Please settle an argument I've had recently. It was about whether the
coolant level in the reservoir is also an indicator of the coolant level
in the radiator. Not at any given time, of course, but -- say -- in
mornings, before you start the car first time for the day. My position
was that dropping coolant level in the reservoir under such conditions
usually means the loss of coolant in the system requiring also checking
the level under the radiator cap. However, with stable level in the
reservoir I can open the radiator cap less often to check the coolant
level there, too. My opponent said that I should check under the
radiator cap just as often, even when the reservoir level is stable.
What say you?
My Opinion--When at ambient temperature --that is, in the morning, the total
volume of coolant in the system is the amount in the radiator/engine plus
what is in the reservoir. The total volume of coolant changes with its
temperature--since the radiator/engine volume is constant the change in
coolant volume is reflected in the reservoir. That's why you have a
reservoir--to accept the the change in coolant volume as the coolant expands
due to its temperature change. As the coolant cools it contracts, creating
a vacuum in the radiator/engine which in turn opens a port in the cap
sucking the reservoir coolant back into the radiator
As long as there is coolant in the reservoir and the radiator cap is
working properly the radiator/engine will remain filled--no need to check
If there is a noticeable change (loss) of coolant level in the reservoir (at
ambient temperature) then it indicates a loss of coolant is taking place.
When there in no--Zero- coolant in the reservoir then it's time to check the
Thank you. That's exactly what my understanding is. Last time I found a
rapid disappearance of coolant in the reservoir was when the heater core
developed a leak. Then, when I checked the coolant level under the
radiator cap, I could see the lower level there, too. I still open the
cap occasionally even if the coolant reservoir level looks the same just
to verify that the cap's rubber seal and spring look OK.
Don't ever take the radiator cap off when the coolant is hot--you'll get an
ugly surprise. If you take the cap off without allowing the pressure to
bleed off--remember, the radiator/engine volume is under at least 15 psig
and the water temperature is approx 235 F---there will be a flash of steam
as the coolant (exposed to ambient pressure) quickly boils (water boils at
212 F) and you're going to get burnt.
I'd add a bit of a clarifier to your statements: The reservoir level can be
used as a proxy for the rad level so long as you keep an eye on the coolant
when hot and when cold, and are aware of what the level should be under
It is possible for the rad level to decline while the reservoir level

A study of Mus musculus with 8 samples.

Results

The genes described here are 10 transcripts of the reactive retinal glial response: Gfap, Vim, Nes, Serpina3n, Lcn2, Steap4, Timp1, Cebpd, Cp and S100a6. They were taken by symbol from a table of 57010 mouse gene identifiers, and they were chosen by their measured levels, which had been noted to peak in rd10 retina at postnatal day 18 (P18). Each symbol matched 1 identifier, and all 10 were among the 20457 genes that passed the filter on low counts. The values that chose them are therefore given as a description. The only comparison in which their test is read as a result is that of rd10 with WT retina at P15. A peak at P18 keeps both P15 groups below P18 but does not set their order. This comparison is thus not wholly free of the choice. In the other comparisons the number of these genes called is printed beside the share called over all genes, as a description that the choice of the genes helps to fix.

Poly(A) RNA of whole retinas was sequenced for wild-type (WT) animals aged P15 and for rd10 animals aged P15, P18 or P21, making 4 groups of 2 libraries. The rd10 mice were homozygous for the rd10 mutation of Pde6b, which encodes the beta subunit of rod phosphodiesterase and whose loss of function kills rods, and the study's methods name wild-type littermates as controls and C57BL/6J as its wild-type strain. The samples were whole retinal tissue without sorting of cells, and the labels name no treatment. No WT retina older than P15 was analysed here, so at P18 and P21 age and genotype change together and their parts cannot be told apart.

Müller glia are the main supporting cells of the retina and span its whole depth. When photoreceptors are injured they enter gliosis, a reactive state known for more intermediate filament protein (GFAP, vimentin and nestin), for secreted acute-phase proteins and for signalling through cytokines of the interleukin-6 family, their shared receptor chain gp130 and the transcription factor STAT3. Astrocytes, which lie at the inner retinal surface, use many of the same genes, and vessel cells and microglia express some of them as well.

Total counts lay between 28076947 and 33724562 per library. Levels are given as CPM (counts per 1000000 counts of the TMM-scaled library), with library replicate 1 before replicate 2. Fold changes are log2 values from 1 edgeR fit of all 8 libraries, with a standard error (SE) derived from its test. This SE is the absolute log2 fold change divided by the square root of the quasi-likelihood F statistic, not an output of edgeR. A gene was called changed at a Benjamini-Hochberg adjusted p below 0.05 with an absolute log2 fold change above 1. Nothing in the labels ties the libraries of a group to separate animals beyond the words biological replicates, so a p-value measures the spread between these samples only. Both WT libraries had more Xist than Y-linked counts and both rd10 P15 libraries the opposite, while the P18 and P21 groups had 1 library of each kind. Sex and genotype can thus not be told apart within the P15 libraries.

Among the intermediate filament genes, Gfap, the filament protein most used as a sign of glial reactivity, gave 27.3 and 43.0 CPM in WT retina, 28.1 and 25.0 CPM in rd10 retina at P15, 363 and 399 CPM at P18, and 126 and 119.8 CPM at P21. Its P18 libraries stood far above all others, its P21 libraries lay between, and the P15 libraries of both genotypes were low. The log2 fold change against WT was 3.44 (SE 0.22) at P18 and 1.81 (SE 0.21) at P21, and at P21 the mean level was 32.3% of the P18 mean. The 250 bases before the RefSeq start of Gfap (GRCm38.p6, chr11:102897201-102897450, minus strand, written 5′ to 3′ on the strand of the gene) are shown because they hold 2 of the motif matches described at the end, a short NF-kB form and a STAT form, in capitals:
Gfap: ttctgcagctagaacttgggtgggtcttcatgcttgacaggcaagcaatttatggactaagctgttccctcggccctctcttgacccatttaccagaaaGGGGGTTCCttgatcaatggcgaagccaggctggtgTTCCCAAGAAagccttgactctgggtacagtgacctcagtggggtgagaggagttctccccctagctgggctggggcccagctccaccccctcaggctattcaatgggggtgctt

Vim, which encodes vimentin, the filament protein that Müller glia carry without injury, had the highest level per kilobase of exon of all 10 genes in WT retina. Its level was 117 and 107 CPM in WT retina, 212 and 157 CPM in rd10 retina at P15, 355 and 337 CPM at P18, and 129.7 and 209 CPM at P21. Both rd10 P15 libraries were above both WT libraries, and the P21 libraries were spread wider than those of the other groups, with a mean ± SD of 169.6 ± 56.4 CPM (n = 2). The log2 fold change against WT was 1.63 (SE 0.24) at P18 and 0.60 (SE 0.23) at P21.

remains the same, but you need to know the information I provided in my
last paragraph to be able to tell that. One possible cause of such a
situation is an air-leak in the tube to the reservoir.
The upshot is: Check your coolant level in the reservoir at /least/ once a
month, and do the check TWICE: once COLD, and once HOT. Take note of what
the level should be at each instance. This way, when you do your monthly
check, you'll know what to expect to see.
For instance, say you check your oil at the gas station, and while doing
so, you glance at the reservoir. You discover that the HOT level is the
same as the COLD level. Now you know there's a problem. And you know this
because you've built up a history on the fluid level.
Due to the age of my car, I check all the levels every week or so, and I
usually pull the rad cap just in case.
It's a better idea to do both checks, but generally speaking, you can just
rely on the reservoir level. There are one or two somewhat-obscure problems
which can result in the rad getting low while not appearing to affect the
But you MUST take close note of BOTH the cold AND the hot levels in the
reservoir. The level will raise a fixed amount when hot, and fall back to
its original level when cold. This will be constant. If you see any
deviation outside what may be attributable to ambient temperature swings,
then you know there is a problem.
depends on whether there's a leak. if everything is leak-free, then the
level of the expansion reservoir is the only thing that changes. but if
there is a leak, then the radiator level can change independent of the
bottom line, both need to be checked to make sure. but if you monitor
the vehicle regularly, then your method should be good enough to catch
early signs of leakage before there is any issue with the radiator level.